ReadWriteThink couldn't publish all of this great content without literacy experts to write and review for us. If you've got lessons plans, activities, or other ideas you'd like to contribute, we'd love to hear from you.
Find the latest in professional publications, learn new techniques and strategies, and find out how you can connect with other literacy professionals.
Teacher Resources by Grade
|1st - 2nd||3rd - 4th|
|5th - 6th||7th - 8th|
|9th - 10th||11th - 12th|
A-Z: Learning About the Alphabet Book Genre
|Grades||K – 2|
|Lesson Plan Type||Unit|
|Estimated Time||Seven 20- to 30-minute sessions, at minimum|
MATERIALS AND TECHNOLOGY
- Computers with Internet access
- A My Name is Alice by Jane Bayer (Puffin, 1992)
- A collection of age-appropriate alphabet books and websites (see Alphabet Books and Websites for suggestions)
- Chart paper and easel or poster board
Grades K – 12 | Student Interactive | Organizing & Summarizing
Students can use this online tool to print an alphabet chart or pages for an alphabet book.
|1.||Designate a comfortable meeting area in the classroom that will seat all students for group work.
|2.||Read aloud several different examples of alphabet books to your students prior to beginning this lesson so that they are familiar with the concept of alphabet books (see Alphabet Books and Websites).
|3.||Read Jane Bayer's A My Name is Alice to your students before the actual lesson. This reading needs to be provided so that students have some knowledge of the book before they begin learning the skills and concepts targeted in this lesson. Emphasis should be placed on the style of Bayer's writing, the pattern of the text, and the use of illustrations.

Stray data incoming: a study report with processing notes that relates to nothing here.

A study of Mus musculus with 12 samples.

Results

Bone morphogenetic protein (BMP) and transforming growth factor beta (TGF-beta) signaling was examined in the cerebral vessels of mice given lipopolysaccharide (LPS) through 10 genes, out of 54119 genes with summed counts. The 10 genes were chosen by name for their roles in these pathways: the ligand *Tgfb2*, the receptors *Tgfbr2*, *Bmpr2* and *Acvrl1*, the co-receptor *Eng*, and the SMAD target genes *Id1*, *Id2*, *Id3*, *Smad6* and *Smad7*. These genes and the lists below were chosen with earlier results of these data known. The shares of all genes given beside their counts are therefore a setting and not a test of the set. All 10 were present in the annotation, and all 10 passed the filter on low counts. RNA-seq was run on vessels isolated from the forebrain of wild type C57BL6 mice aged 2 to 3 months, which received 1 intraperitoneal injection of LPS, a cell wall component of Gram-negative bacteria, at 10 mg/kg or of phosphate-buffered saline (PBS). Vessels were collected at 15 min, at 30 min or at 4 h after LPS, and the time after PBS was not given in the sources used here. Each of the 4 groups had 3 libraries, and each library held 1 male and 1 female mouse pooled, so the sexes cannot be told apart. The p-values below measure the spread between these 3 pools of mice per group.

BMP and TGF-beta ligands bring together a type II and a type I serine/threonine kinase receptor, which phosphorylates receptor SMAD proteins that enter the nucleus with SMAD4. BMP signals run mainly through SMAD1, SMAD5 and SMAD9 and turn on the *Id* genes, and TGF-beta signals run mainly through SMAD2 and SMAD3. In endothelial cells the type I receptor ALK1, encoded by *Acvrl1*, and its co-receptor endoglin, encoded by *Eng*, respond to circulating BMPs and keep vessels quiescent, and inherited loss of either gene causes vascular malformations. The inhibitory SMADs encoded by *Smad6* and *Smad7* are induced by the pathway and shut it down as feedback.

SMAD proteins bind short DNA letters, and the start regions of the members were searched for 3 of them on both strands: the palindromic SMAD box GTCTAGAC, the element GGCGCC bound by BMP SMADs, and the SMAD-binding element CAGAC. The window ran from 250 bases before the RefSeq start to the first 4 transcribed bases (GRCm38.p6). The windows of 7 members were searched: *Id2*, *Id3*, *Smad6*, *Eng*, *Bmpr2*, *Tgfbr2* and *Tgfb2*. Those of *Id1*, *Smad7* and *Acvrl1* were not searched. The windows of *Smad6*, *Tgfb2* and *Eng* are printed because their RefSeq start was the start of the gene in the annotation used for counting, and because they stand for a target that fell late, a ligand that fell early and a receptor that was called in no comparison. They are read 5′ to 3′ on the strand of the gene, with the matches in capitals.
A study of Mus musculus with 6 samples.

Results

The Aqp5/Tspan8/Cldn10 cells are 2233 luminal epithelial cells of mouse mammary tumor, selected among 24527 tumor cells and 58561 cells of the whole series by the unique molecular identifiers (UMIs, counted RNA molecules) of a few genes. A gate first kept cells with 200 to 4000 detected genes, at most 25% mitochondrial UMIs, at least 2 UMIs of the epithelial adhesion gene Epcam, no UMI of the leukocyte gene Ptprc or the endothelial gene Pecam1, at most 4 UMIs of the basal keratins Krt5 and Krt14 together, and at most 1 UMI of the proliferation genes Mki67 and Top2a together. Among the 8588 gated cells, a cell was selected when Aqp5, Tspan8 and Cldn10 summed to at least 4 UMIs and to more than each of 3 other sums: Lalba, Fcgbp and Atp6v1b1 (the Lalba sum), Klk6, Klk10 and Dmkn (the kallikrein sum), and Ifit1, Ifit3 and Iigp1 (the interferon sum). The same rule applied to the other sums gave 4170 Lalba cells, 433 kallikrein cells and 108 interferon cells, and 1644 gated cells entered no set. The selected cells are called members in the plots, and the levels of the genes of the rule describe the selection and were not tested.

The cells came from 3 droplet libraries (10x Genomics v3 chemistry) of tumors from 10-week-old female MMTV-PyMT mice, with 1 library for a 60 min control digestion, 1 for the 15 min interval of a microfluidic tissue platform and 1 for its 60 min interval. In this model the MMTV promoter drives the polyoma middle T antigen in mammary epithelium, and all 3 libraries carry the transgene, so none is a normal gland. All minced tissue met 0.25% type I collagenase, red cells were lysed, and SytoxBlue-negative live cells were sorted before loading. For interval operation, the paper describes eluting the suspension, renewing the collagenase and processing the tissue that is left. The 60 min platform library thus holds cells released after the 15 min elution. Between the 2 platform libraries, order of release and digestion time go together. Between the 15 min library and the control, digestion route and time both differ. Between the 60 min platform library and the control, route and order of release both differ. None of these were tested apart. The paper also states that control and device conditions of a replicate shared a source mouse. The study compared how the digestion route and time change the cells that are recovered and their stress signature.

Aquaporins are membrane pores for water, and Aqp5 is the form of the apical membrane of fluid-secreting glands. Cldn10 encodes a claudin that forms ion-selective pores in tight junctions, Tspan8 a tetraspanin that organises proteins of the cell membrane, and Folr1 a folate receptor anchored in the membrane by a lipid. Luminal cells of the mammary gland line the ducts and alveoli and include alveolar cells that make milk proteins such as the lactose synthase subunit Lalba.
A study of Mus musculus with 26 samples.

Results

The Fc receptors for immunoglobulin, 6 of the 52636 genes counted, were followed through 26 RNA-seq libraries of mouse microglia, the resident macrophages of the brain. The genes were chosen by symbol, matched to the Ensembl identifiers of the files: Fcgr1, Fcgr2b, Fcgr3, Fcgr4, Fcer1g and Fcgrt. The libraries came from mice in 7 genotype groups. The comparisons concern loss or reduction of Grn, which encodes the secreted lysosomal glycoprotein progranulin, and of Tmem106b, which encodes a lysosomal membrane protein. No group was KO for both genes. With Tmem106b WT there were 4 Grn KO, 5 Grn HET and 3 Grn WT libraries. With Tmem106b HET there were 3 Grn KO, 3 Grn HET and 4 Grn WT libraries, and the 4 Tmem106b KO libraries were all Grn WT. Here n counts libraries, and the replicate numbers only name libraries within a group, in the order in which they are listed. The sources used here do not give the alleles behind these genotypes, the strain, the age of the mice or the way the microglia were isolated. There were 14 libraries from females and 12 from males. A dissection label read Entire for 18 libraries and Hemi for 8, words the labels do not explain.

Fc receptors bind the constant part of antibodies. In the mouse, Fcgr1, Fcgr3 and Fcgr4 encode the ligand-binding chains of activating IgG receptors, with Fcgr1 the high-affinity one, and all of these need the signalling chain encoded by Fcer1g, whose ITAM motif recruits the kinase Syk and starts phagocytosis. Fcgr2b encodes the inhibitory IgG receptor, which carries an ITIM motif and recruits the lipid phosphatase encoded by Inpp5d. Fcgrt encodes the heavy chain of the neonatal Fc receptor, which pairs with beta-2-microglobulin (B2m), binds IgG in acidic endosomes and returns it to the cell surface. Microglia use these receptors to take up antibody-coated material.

|4.||Prearrange students in flexible small groups to work together on their alphabet books during Sessions 4 and 5. This allows for small-group differentiated instruction, whereby the alphabet book writing activity is tailored to student's individual writing abilities. You might consider three groupings: gifted or advanced writers, average writers, and struggling writers. If you choose to use these three groupings, consider the following special assignments for each group:
|5.||Bookmark the online Alphabet Organizer tool on your classroom or lab computers for students to access during Session 6, and ensure that the program is running and printing properly. (If you experience difficulty, make sure that computers have the most recent version of the Flash plug-in, which can be downloaded for free from the ReadWriteThink.org Site Tools page.)
Set up technology buddies (i.e., computer savvy students) who have been trained in using the Alphabet Organizer tool to work with students who are novice computer users.